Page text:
THE now seemingly permanent status of the United States as a World Cup finals team – next year’s Brazilian jamboree will be their seventh straight appearance – used to be derided by the more cynical as an accident of geography.
But, while the 300million-plus nation does find itself in a qualifying region alongside some tiny islands and slivers of land, more respect is now deservedly being given to the international feats of a behemoth in a game they call soccer.
There won’t exactly be a host of names to have the Tartan Army purring when the visitors take to the Hampden pitch for Friday’s friendly. Jurgen Klinsmann, the German who sends them out there, indeed, is more Hollywood than some of his players who could have been raised in the area. There will, though, be a team – in which a central role could be given to Rangers misfit Alejandro Bedoya, now at Nantes – that can boast a playing record of 16 wins and two draws from 21 games played this year. A total of 12 of those victories were successive, record-setting form that allowed the Gold Cup to be claimed with a 100 per cent win rate in the six-match tournament. And that followed on from 2012 when, for the first time in 75 years, the US beat Mexico in their own backyard. A Mexico, incidentally, that in requiring to face a play-off with New Zealand to decide their World Cup fate demonstrate it is not always a shoo-in for the major footballing powers in the Americas.
One man who has been a key figure in Klinsmann’s cavalry is former Rangers winger DeMarcus Beasley, pictured. He earns his corn with Mexican club Peubla and took the captaincy of his country for his fourth Gold Cup triumph at left-back. His new role has allowed him, at 31, to play 15 times for his country this year alone to become the fifth most capped American, with 112 outings, and place him on course to appear at a fourth-straight World Cup finals.
“It came around in March,” he says. “We had a lot of injuries and Jurgen asked me if I could step in and play left-back and I said ‘yeah’, and he said are you sure, and I said ‘yeah’. That was basically the whole conversation and I haven’t looked back since. I have been playing left-back since that game against Costa Rica. It’s a bit different from what I am used to but, at the same time, it works for the team.”
Beasley admits his time at Rangers was “up and down” with fewer than 30 league appearances in three years offset by a championship winner’s medal – he didn’t play enough games for a second that was claimed during his time in Glasgow – and a goalscoring, man-of-the-match contribution to the Scottish Cup final win over Queen of the South in 2008. “It feels good to be coming back to Scotland. I haven’t been there for four years or something like that. My time was okay. It started off very well and then I got injured and couldn’t get back in the team. As a team, we won a lot of championships and I still have a lot of friends in Scotland and in Glasgow and to be able to play for one of the biggest clubs in the world was a dream come true and I loved every minute of it.”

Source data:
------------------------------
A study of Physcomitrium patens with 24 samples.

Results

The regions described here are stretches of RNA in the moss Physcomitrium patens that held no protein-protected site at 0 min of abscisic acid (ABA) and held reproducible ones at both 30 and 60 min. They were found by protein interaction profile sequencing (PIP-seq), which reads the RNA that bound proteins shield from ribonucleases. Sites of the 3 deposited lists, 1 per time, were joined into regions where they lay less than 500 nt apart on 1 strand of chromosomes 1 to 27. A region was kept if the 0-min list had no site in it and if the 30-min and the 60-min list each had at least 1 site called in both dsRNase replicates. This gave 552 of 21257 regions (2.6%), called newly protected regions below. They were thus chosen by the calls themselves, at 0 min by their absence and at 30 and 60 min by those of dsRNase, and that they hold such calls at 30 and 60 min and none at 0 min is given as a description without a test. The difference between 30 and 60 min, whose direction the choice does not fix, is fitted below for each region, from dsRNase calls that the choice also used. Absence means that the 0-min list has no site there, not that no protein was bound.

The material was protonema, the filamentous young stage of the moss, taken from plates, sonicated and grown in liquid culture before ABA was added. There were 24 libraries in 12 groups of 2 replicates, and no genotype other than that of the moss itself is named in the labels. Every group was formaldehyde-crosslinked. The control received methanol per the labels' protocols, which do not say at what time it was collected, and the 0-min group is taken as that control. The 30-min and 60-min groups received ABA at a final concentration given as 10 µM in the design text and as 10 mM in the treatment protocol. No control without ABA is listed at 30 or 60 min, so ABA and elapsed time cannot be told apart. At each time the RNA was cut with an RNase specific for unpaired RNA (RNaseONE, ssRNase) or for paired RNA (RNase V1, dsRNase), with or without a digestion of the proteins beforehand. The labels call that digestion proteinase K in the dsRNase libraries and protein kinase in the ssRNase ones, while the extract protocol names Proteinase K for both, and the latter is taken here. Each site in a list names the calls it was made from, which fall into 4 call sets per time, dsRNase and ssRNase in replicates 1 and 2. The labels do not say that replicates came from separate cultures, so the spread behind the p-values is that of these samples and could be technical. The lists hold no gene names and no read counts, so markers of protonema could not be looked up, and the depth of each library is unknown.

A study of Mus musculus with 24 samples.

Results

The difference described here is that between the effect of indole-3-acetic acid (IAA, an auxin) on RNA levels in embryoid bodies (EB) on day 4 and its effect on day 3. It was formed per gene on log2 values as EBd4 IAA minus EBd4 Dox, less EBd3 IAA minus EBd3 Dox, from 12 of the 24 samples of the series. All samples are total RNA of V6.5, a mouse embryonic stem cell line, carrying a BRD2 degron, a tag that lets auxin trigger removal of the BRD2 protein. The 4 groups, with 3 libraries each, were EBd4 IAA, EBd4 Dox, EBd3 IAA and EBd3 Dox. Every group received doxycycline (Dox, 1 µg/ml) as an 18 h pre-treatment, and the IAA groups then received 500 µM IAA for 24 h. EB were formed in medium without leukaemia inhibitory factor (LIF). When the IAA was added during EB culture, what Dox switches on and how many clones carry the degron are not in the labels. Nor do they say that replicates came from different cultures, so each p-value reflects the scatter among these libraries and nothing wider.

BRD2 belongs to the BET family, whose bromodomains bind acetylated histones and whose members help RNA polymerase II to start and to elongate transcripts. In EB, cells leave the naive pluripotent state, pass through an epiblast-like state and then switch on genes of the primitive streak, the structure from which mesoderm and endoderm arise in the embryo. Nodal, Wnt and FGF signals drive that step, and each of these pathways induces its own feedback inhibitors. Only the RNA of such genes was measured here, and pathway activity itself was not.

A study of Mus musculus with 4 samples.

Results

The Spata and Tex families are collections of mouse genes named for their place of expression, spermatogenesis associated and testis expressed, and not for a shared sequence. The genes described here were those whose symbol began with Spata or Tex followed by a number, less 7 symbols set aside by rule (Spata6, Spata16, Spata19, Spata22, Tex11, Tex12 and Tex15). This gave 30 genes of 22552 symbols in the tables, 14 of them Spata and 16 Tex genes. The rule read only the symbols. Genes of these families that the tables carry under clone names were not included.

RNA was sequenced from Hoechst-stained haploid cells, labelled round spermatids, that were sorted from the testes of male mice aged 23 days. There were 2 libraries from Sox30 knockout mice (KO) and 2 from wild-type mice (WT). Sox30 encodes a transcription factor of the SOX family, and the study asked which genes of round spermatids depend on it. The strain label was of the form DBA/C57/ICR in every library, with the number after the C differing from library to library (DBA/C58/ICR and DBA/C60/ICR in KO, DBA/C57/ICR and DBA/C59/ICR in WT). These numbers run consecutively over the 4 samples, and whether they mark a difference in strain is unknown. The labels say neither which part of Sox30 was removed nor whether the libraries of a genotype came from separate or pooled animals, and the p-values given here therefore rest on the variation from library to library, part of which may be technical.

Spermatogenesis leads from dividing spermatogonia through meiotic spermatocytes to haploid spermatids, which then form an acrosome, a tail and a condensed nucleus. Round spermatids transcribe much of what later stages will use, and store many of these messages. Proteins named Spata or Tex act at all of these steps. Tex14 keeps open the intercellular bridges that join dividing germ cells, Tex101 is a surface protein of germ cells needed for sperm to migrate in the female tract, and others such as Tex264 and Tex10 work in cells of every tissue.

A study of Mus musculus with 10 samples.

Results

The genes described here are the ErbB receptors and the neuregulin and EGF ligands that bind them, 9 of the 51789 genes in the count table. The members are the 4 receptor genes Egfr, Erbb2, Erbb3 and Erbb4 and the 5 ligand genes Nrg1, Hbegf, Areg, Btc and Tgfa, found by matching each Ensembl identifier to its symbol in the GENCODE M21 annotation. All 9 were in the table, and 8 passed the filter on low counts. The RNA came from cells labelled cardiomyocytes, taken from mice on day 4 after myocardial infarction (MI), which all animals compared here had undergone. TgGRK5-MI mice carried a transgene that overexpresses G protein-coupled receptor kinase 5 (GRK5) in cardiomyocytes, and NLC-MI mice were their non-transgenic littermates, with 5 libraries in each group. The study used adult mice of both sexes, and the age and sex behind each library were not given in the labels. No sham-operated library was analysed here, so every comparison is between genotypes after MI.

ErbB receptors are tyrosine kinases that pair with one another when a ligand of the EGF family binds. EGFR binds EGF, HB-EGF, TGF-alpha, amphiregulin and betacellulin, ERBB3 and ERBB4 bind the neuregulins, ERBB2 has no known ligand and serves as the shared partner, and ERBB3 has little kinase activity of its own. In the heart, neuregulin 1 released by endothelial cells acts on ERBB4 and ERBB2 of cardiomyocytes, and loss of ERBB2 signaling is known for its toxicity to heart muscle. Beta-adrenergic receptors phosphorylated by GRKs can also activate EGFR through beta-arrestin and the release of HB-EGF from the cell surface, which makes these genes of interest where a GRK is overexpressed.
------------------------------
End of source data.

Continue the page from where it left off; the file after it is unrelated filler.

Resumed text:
At international level Klinsmann is proving a huge success, with Beasley believing it is a case of embracing the straightforward. “He brings a different attitude to the national team. Different from Bob [Bradley], different from Bruce [Arena]. I am not saying these guys are not good coaches but it is a little bit different. With his experience of winning a World Cup as a player and playing in Europe for many years, he’s looking after us.”
Scotland v USA: Previous meetings
30 Apr 1952 Scotland 6 USA 0
Two years after their World Cup triumph over England, the US were humbled as Lawrie Reilly tore the visitors apart with a first half hat-trick. Ian McMillan chipped in with two and there was also an own goal. The visiting side bemused home fans as each player took to the park wearing thick mittens that looked like old fashioned boxing gloves, while the goalkeeper insisted on throwing the ball out from behind his head as if he was a quarterback firing to a wide receiver.
17 May 1992 USA 0 Scotland 1
A warm-up for the European Championship finals, the visitors won 1-0 in the scorching Colorado sun thanks to a seventh-minute strike from Pat Nevin. Picking the ball up on the right, the midfielder drove inside and played a neat one-two with Ally McCoist, before flicking the ball into the top corner.
26 May 1996 USA 2 Scotland 1
Another Euros warm-up. Craig Brown’s team started things well enough and Gordon Durie broke the deadlock. Eric Wynalda then scored his country’s first senior goal against Scotland from the penalty spot, before Cobi Jones smashed the winner from 25 yards.
30 May 1998 USA 0 Scotland 0
Scotland headed to the States once more to prepare for a major tournament, this time the World Cup, but it was a listless contest.
12 Nov 2005 Scotland 1 USA 1
Scotland fought back from a goal down in an even game at Hampden. A Josh Wolff penalty had the US in front but Andy Webster equalised with a header.
26 May 2012 USA 5 Scotland 1
An embarrassing defeat for Craig Levein’s Scotland in Jacksonville. Landon Donovan, left, gave the US an early lead, doubled by Michael Bradley after 11 minutes. Kenny Miller cut into the deficit before another two from Donovan and a header from Jermaine Jones completed the rout.